SALT LAKE CITY, Utah (ABC4 News) – After the tragic loss of her youngest daughter, a Utah mother is encouraging other parents to “give their kids extra love.”
“It’s not something I would even wish on my worst enemy, to lose a child,” Shawna Bagshaw told ABC4’s Brittany Johnson, during an exclusive on-camera interview.
Her daughter Baleigh,15, was murdered by Shaun French, 26, according to Salt Lake City Police. Investigators say French previously lived with the Bagshaw family and had a sexual relationship with Baleigh.
Police say on May 7, 2018, Baleigh was murdered in her home while on the phone with her mother, shortly after coming home from school.
“It’s been a long 18 months,” said Shawna.
“What was Baleigh like?” asked Johnson.
“Very spunky and full of life and she already had her dreams of what she wanted to do with her future,” Shawna replied, with a smile on her face.
Baleigh’s dreams included joining the military and also training service animals. They’re dreams Shawna will never get to see her daughter fulfill.
“It’s been an emotional roller coaster. Just a lot of sadness.”
“There’s not a day that goes by that I don’t think about her, or wish I could have done something different. I wish I could have gone back and repeated — had a do-over type thing, but I can’t. I can’t change the past. But all of us miss her terribly bad.”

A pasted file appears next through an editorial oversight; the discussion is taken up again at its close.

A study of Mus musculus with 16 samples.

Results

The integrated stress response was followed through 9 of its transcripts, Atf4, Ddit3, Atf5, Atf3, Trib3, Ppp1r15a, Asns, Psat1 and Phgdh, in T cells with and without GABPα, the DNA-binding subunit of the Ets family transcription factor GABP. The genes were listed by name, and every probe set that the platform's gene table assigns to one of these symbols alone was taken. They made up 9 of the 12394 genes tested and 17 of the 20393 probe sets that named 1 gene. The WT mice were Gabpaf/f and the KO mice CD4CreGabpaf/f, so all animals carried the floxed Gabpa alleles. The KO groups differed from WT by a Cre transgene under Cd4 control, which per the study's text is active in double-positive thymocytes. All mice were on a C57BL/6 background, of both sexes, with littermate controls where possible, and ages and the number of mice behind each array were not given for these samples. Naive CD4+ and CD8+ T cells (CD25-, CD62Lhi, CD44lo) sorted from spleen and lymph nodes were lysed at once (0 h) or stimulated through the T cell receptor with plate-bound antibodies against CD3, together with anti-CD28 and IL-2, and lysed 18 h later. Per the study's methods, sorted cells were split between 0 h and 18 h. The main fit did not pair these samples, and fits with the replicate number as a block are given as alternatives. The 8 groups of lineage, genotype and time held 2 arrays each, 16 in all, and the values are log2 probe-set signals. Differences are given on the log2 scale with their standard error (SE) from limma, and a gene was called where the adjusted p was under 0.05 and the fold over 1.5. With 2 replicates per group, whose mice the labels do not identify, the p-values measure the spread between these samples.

The next hurdle the Bagshaw family will have to face is the trial of Baleigh’s killer. Salt Lake County District Attorney Sim Gill announced on Thursday that he is seeking the death penalty.
“This was his decision and I support it 100-percent,” Shawna replied when asked how she felt about Gill’s decision.
As part of her grieving process, Shawna encourages parents to have an open dialogue with their children.
“There were signs that something was going on that I didn’t pick up on. I drive for Uber and Lyft and I get a lot of parents. I talk to them about my daughter’s story. One of the things that I emphasize with parents of teenagers, especially girls, is to take their cell phones and know all their passwords. Know who they’re chatting with. They may not like you or appreciate you doing that. But if you can prevent something from happening, then someday in the future they will thank you.”
Shawna hopes sharing Baleigh’s story will help save lives.
“If I can help save the life of one child, then Baleigh’s life wasn’t in vain.”
You can listen to more of the interview with Shawna and her husband, below.